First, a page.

Google is expected to unveil a new streaming game service at the 2019 Game Developers Conference (GDC) in San Francisco this week. The tech giant will be making its foray into online gaming, joining Microsoft, Sony and Nintendo in a $140 billion industry.
Google has kept the project carefully under wraps and not much is known about the service, set to debut Tuesday, March 19. There is expected to be both a software and hardware component to Google's announcement. Last year, Google unveiled Project Stream, a game streaming platform that allowed gamers to play select titles at high internet speeds using just a browser and internet connection — novel software that bypassed the traditional use of a gaming console. On the software front is "Yeti", the nickname for Google's rumored subscription-based streaming platform that could create a cloud-oriented "Netflix of video games," for game aficionados to lose themselves in.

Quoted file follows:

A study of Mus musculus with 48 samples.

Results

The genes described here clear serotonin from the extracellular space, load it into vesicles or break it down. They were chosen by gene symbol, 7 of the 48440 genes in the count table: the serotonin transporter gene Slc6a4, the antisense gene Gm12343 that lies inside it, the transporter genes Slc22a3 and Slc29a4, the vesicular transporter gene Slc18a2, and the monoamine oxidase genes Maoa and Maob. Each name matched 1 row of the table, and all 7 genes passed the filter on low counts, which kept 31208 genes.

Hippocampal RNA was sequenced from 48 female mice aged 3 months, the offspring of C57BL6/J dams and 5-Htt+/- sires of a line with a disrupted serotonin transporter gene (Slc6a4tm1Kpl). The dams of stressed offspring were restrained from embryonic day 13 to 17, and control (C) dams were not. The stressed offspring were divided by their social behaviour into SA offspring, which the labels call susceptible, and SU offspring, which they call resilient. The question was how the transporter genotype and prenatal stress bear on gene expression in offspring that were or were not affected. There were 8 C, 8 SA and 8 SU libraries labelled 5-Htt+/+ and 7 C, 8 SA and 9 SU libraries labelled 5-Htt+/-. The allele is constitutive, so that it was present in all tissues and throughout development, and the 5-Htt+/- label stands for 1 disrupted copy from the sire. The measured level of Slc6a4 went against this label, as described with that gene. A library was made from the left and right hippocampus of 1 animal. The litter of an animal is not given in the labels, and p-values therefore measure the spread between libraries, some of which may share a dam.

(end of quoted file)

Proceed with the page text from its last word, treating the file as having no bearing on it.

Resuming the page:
Google's head of hardware, Rick Osterloh, tweeted about GDC last week, increasing the likelihood that an actual game console has been developed by the search engine giant. According to Forbes, it's possible Google's device will be similar to the company's Chromecast digital media player, and will likely be a small, low-cost streaming device designed for connecting to a television and controllers of some sort.
Google's rumored technology of cloud-gaming could be a breakthrough for the gaming industry. Right now, if gamers want to play a specific title, they need to buy both a bulky gaming console — either XBox, Wii, or PS4 — and then purchase a specific title as either a physical disc or download a large file. But if Google is able to change the equation with its own innovation of cloud-based gaming, one that requires only a small streaming device and controller, then gamers everywhere could be on the brink of experiencing a brave new world of gameplay.